Toy giant Mattel and Seattle, Washington's Screenlife are gearing up to revolutionize the board game category this month with the mass-market re-release of DVD game Scene It? A Hollywood trivia game that made its market debut last October in select specialty retail venues, Scene It? combines on-screen clips of movies with traditional board-game action. Players must recognize celebs from high-school photos, identify actors who've been digitally removed from movie clips and answer trivia questions to advance on the board.
October 1, 2003

Toy giant Mattel and Seattle, Washington’s Screenlife are gearing up to revolutionize the board game category this month with the mass-market re-release of DVD game Scene It? A Hollywood trivia game that made its market debut last October in select specialty retail venues, Scene It? combines on-screen clips of movies with traditional board-game action. Players must recognize celebs from high-school photos, identify actors who’ve been digitally removed from movie clips and answer trivia questions to advance on the board.

Clips of stars (250) and films (180) from five major studios – 20th Century Fox, DreamWorks, MGM, Sony Pictures Entertainment and Universal – are featured in the game, which will roll out in retail outlets including Wal-Mart, Toys ‘R’ Us, Target and KB Toys for US$39.99 (SRP). Mattel is supporting the relaunch with a TV and movie theater ad campaign.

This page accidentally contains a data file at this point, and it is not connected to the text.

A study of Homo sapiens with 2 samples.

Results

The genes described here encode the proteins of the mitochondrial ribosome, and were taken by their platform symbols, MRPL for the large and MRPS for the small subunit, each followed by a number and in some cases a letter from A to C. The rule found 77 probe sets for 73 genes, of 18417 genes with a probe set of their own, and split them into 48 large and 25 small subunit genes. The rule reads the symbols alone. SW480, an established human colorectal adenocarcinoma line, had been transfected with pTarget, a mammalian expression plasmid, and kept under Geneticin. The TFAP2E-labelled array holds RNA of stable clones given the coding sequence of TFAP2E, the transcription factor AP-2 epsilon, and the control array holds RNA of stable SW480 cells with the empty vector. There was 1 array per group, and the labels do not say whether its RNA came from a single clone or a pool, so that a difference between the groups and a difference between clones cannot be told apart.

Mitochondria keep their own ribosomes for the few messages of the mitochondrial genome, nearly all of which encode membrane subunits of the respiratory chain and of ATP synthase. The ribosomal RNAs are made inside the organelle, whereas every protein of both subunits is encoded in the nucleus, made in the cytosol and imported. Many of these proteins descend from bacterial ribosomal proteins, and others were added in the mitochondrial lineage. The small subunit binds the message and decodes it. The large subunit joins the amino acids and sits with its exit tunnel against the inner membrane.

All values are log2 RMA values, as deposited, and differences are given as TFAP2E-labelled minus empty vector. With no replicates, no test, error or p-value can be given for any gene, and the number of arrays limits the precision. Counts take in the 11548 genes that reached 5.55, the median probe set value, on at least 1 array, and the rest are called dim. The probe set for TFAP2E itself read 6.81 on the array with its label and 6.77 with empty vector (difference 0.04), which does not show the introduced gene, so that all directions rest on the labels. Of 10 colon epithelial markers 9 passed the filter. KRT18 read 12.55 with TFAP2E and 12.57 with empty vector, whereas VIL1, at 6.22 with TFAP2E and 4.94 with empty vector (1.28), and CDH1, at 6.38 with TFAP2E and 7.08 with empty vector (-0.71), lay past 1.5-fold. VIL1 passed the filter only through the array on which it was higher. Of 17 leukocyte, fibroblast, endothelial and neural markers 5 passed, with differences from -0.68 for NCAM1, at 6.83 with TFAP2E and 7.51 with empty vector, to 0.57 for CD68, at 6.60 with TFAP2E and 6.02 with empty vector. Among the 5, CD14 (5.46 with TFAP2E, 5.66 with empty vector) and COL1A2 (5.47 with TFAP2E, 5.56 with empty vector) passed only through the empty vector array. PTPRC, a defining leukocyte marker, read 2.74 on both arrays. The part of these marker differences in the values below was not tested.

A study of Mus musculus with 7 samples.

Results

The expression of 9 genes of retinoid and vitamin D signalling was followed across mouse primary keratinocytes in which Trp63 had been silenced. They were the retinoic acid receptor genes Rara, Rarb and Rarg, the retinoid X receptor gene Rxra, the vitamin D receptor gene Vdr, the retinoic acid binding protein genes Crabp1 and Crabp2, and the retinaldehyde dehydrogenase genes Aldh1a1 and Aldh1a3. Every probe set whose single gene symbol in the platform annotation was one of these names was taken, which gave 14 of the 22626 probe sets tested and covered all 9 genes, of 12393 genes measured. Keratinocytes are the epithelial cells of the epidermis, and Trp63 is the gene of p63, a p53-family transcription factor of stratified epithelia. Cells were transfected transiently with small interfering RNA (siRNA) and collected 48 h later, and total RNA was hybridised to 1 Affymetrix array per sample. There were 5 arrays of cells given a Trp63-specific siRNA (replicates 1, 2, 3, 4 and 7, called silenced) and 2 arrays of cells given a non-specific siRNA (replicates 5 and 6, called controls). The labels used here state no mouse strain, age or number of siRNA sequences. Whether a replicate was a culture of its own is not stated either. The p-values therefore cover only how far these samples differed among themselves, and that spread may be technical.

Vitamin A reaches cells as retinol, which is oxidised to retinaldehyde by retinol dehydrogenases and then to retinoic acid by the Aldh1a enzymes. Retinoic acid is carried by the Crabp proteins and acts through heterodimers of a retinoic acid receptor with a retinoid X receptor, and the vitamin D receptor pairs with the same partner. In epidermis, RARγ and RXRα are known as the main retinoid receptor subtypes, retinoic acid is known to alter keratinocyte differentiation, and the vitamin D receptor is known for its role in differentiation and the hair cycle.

The key to the game is Screenlife’s proprietary DVD-enhancing technology called Optreve, which shuffles the questions on the DVD, deals them out randomly, and keeps track of what’s been played. Under the terms of a five-year deal, Screenlife will develop at least 16 more DVD games for Mattel. It’s now hard at work on Scene It? Jr., which will roll out at specialty retail closer to Christmas, then at mass under the Mattel banner in spring 2004.

‘With 50 million households already owning DVD players, the market for interactive DVDs is about to explode,’ says Dave Long, co-founder and CEO of Screenlife. ‘Mattel wants to be at the forefront of interactive DVDs, and this deal will solidify that position,’ says Phil Jackson, VP of marketing for games and puzzles at Mattel.

Disney has also jumped into the new genre with plans to introduce its own DVD board game – Lilo and Stitch’s Island of Adventures – this holiday season. Players can use their remote control to spin the on-screen dial and advance on the game board, while interacting with characters from the movie. Lilo and Stitch’s Island of Adventures will hit shelves November 11 for US$29.99 (SRP), and it includes a bonus hour-long DVD with new Lilo and Stitch episodes.